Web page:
Several of the BC Liberals leadership hopefuls were on the defence as their fellow candidates picked apart their platforms during a heated debate in Kelowna, B.C., on Saturday.

Todd Stone and Andrew Wilkinson called out former Surrey mayor Dianne Watts for not having released a platform in the campaign that is set to wrap up in two months.

"We are over half way through this campaign. We have yet to hear a single plan on a single topic including what your vision is," Stone said to Watts.

Watts said she's spent the last two months travelling around the province listening to voters — a move she adds the party failed to do ahead of the spring election.

"We lost the election because you guys stopped listening," she said. "If we've ever got a hope to get back into government, we need to make sure we are re-enaging and rebuilding the trust that was lost."

But Wilkinson said the party's elected members are already reaching out to constituents and what is needed is a leader offers action.

"We're all fully capable of listening but thinking about things, planning the future, being exciting is what this race is going to have to be about," he said.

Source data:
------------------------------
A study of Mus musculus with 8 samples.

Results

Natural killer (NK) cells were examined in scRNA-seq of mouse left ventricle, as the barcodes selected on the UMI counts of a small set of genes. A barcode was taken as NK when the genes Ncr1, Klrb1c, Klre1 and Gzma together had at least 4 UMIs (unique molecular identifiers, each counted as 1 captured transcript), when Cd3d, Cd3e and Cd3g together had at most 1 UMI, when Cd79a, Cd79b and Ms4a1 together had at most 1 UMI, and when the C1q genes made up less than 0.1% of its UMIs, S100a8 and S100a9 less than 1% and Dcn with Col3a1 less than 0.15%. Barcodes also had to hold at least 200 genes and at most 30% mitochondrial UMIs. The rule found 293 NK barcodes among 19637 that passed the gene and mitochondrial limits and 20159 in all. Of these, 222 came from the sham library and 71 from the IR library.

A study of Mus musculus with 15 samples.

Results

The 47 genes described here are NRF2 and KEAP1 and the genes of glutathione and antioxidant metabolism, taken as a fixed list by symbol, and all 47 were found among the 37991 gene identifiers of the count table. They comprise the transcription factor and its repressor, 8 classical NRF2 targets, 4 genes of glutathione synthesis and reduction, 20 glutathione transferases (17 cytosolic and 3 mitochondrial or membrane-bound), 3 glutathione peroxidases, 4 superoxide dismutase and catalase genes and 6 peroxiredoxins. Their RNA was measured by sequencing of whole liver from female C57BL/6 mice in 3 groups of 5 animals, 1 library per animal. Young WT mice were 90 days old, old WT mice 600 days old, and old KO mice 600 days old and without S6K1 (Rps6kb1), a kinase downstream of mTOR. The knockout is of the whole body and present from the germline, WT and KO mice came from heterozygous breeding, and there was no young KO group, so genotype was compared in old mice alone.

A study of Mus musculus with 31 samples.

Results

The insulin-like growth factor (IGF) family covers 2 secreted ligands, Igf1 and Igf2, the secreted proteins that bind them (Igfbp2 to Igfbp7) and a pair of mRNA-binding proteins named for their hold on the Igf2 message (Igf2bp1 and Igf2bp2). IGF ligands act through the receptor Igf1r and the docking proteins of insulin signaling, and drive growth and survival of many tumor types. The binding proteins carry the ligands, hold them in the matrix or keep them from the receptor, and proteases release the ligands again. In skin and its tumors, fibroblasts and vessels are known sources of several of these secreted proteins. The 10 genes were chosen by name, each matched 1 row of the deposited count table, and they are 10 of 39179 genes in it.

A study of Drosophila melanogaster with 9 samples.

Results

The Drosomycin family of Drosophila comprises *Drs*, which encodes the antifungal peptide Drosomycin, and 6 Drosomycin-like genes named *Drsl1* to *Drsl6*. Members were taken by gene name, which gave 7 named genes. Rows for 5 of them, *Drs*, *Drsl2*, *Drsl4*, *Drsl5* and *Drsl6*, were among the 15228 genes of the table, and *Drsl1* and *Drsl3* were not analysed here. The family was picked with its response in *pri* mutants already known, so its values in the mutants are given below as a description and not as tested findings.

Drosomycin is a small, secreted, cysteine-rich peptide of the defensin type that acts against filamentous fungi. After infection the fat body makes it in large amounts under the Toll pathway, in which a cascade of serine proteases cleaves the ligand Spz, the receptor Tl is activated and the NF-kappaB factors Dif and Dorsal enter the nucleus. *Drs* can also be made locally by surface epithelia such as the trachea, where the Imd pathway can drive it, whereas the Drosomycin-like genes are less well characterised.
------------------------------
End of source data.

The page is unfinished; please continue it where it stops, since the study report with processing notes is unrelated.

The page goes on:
Watts wasn't the only one of the six candidates that came under fire during the debate.

She questioned Stone's record as the province's former transportation minister, arguing the party lost seats in Lower Mainland in last spring's election over a lack of transit improvements.

Stone said the Liberals invested billions in transit and the party's proposed infrastructure projects, namely replacing the bottlenecked George Massey Tunnel with a bridge, are being quashed by the current NDP government.

He also defended his plans to cut taxes and increase childcare spaces in the province, while calling Wilkinson's proposals "timid and tired."

Former finance minister Mike de Jong, who introduced a tax on foreign homebuyers last year, was quizzed on his plans to address housing affordability in the province — a key issue in the last election that has resurfaced in the leadership debate.

De Jong said a solution to housing affordability in the province would be to increase the supply by legislating that municipalities speed up approvals on new developments.

There will be two more events where the six candidates will go head-to-head before party members selects a new leader in February.